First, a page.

LONDON – British authorities may take an 8-year-old boy weighing 218 pounds into protective custody unless his mother improves his diet, officials said Monday.
Social service officials will meet family members Tuesday to discuss the health of the obese boy, who weighs more than three times the average for his age.
"The worst case would be (the boy) getting taken into care. He is well cared for," the boy's mother, Nicola McKeown, told ITV television.
A spokeswoman for health officials in Wallsend, North Tyneside, 300 miles north of London, said Tuesday's hearing was part of a process that could eventually lead to (the boy) being taken into protective care. She declined to comment further.
The health agencies organizing Tuesday's meeting issued a statement saying they "have been working with the family over a prolonged period of time and will continue to do so."
An unnamed health official was quoted as telling The Sunday Times that taking him into custody would be a last resort, but said the family had repeatedly failed to attend appointments with nurses, nutritionists and social workers.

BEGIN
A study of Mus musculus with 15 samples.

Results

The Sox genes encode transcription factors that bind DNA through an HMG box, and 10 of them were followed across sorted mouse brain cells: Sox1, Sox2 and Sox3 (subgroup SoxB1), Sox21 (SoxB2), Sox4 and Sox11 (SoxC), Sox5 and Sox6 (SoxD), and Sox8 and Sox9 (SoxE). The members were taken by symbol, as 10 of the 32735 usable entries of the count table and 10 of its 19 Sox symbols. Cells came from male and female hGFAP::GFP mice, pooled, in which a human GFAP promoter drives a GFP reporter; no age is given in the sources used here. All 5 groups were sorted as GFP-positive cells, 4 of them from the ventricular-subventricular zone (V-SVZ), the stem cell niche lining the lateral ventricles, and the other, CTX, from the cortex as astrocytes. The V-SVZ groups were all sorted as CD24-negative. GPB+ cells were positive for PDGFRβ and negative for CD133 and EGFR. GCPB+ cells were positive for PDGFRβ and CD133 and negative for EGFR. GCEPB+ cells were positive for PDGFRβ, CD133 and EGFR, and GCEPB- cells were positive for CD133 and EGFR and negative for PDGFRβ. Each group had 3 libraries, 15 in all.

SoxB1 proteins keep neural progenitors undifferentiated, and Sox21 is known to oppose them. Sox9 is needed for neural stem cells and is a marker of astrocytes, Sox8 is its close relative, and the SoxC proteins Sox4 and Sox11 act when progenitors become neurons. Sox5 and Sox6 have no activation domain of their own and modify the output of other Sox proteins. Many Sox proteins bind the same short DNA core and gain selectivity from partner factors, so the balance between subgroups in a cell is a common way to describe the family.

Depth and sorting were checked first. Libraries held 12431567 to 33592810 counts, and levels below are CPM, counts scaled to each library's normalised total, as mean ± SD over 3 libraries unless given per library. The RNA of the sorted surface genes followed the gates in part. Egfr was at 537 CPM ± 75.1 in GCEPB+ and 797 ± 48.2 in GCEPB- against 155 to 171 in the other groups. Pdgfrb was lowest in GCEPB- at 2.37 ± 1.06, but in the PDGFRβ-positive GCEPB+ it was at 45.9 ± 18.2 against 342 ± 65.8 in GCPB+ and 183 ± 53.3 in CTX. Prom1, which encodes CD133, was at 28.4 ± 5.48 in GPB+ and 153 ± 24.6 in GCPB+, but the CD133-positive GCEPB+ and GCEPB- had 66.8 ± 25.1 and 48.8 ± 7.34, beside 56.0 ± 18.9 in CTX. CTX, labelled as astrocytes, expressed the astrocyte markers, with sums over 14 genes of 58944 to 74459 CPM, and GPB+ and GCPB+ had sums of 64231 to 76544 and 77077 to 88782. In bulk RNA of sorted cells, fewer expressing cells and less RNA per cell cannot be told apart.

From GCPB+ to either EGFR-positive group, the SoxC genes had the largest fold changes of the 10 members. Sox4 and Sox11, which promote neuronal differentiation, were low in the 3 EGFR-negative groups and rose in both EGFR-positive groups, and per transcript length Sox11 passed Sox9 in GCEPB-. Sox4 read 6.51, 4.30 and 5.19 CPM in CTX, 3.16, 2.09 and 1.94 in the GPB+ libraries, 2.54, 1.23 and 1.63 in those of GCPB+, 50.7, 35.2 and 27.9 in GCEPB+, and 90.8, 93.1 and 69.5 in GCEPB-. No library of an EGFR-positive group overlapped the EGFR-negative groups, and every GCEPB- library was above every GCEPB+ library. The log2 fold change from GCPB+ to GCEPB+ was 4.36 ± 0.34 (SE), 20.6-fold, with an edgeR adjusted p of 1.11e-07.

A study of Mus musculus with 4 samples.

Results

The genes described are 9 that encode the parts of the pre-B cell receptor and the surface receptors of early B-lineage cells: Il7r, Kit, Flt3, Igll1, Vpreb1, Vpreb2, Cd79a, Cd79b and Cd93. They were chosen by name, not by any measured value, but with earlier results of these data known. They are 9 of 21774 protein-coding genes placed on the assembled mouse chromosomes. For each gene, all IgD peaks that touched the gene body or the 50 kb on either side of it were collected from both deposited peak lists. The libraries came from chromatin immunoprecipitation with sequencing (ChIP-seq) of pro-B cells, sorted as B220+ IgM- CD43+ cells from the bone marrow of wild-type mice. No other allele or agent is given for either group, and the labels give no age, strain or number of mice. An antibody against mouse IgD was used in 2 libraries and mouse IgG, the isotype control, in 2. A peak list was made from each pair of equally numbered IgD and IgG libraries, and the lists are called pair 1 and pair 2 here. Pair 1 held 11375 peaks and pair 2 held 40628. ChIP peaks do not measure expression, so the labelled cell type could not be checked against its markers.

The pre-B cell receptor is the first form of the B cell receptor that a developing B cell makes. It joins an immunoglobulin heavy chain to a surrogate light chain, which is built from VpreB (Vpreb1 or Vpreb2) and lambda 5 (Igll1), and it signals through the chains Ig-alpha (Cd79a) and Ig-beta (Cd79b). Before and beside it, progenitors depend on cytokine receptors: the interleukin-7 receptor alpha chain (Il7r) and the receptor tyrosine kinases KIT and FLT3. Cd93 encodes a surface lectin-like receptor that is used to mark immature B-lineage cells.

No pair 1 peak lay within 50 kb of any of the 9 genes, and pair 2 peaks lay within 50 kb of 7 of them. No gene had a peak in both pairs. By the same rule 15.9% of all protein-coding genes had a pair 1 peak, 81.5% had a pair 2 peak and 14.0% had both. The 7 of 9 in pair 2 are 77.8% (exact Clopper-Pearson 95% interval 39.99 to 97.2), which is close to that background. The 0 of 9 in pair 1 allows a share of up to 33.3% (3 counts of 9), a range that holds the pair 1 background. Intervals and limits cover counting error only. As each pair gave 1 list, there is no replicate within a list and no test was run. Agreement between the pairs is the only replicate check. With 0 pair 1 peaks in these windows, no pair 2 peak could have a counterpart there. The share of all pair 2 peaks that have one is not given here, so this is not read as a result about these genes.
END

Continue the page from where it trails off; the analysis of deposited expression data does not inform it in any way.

"Child abuse is not just about hitting your children or sexually abusing them, it is also about neglect," the official was quoted as saying.
Dr. Colin Waine, the director of the National Obesity Forum in Nottingham, England, called his lifestyle "extremely dangerous," adding he is at risk of developing diabetes in his early teens, and cardiovascular and nervous system problems in his twenties.
"He's really at risk of dying by the time he's 30," Waine said.
Pediatrician Dr. Michael Markiewicz agreed.
"I'm not saying they can't care for him, but what they are doing is through the way they are treating him and feeding him, they are slowly killing him," he said.
The boy's case attracted national attention after his mother allowed an ITV News crew to film his day-to-day life over the course of a month.
His mother said he steals and hides food, frustrating her efforts to help him.
"He has double, triple what a normal boy (of his age) would have, but if I didn't give him enough at teatime then he would just go on at us all night for snacks and stuff," she told ITV.
The boy, who lives with his mother and sister, has difficulty dressing and washing himself, misses school regularly because of poor health and is targeted by bullies.
"People pick on us because of my weight. They call us fat. It makes us feel sick of the nutters always shouting at us," the boy told ITV.